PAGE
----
Tuesday I joined the church ladies group at the local restaurant for lunch. I arrived a little early and stopped to chat with a man sitting by himself at a table that could have accommodated the entire ladies group. It was the first time I had seen him since he had taken a public tumble and become a topic of our small town news. His arm was in a sling. I stopped briefly to chat. He has medical tests scheduled for next week. I would have enjoyed learning more and catching up in general but wasn't sure he would appreciate being joined by a bunch of women so I moved on to claim an empty table. I was then sitting by myself for several minutes and he was still sitting by himself. As I gazed across the room, I pondered the options that would have allowed me to chat with him a little longer. He was a member of my church years ago before moving out of the area and then to a nearby town. It's always nice to catch up with him.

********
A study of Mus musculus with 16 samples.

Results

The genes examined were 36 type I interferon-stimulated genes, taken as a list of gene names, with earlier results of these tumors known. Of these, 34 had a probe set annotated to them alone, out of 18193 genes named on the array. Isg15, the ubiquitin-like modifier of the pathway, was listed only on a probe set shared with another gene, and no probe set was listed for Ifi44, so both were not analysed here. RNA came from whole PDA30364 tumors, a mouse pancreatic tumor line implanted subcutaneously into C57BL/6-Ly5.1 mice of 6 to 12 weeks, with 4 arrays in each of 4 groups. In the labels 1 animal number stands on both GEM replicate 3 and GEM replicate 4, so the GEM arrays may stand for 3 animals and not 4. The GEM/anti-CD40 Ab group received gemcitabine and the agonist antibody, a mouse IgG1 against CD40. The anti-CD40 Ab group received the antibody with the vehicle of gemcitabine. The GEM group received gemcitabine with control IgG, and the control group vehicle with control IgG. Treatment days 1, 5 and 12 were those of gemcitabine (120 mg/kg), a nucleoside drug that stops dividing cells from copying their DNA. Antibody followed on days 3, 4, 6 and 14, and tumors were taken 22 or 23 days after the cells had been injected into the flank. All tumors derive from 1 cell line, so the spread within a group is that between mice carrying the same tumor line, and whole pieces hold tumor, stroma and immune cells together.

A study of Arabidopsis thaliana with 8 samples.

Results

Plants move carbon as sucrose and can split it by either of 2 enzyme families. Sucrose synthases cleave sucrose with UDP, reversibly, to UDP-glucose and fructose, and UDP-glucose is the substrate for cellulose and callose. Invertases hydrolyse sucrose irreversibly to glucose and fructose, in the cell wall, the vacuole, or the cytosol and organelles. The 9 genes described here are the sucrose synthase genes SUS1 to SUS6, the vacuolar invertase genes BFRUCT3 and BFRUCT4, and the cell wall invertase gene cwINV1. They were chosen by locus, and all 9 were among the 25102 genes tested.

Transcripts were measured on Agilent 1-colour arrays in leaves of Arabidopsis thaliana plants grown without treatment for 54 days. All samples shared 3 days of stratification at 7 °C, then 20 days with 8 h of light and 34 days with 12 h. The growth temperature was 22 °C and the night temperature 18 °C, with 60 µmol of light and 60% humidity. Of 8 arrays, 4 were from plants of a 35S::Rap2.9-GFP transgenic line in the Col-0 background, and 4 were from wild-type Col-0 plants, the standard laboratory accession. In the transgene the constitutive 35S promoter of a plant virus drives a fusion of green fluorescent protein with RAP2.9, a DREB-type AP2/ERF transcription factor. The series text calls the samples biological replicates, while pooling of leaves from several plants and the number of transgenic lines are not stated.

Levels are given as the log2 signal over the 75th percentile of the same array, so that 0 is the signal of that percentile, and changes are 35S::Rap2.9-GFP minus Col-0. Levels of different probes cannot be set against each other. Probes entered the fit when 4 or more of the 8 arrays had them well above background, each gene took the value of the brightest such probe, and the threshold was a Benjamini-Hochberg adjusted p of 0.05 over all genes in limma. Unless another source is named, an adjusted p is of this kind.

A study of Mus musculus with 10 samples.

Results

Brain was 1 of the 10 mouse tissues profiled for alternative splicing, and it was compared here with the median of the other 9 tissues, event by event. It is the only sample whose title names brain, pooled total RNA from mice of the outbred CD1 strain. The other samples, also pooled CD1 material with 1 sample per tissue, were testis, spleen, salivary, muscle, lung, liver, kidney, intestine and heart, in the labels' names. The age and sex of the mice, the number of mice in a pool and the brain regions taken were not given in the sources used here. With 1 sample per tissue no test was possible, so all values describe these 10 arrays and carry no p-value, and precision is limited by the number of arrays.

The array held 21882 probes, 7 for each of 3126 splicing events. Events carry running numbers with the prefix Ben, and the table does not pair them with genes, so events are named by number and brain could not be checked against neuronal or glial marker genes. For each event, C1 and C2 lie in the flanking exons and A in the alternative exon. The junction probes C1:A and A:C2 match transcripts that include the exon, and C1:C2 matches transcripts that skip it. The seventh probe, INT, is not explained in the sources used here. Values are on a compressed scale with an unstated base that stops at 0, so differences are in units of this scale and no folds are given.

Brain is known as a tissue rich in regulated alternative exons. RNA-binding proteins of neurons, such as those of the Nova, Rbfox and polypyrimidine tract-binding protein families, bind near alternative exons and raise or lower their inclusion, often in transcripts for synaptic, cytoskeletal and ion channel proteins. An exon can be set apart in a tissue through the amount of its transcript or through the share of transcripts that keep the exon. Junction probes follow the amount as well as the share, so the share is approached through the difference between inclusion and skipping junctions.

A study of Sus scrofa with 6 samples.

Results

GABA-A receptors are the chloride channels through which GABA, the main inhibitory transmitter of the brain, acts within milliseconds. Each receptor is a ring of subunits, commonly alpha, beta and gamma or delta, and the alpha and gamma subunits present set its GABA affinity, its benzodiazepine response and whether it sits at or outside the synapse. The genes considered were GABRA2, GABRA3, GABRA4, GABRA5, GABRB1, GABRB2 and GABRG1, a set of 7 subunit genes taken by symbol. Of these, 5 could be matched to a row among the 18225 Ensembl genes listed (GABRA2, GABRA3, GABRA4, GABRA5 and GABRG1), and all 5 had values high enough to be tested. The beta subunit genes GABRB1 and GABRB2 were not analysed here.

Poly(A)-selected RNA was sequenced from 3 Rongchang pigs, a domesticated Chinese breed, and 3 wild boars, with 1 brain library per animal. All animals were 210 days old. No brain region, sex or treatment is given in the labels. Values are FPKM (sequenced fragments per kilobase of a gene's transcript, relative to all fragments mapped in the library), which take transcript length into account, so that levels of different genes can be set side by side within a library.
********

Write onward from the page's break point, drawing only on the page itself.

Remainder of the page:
That was Tuesday. His 38-year-old daughter was pronounced dead of a heart attack on Wednesday morning. My husband and I are going to the funeral home for visitation tonight. It will be a tragic scene. No parent should ever have to bury their child. And for reasons I won't go into, this is, if possible, even worse than most cases of daughters dying too early. (Perhaps all cases are worse than most cases in one way or another.)
Ever since I heard, I have gone back over that scene from Tuesday. There he was, sitting alone, dealing with his own health issues, unaware of what lay in his immediate future. There I was in the same room, sitting alone, waiting for other companions. It could have been one of them who met with tragedy in the hours to follow. It's not that I made the wrong choice, the curtain was simply drawn on the future and I didn't know it was the last chat I would have with him before unfathomable grief moved in to become a permanent fixture in his life.
Still, it's a terrible reminder of how precious our moments with people are.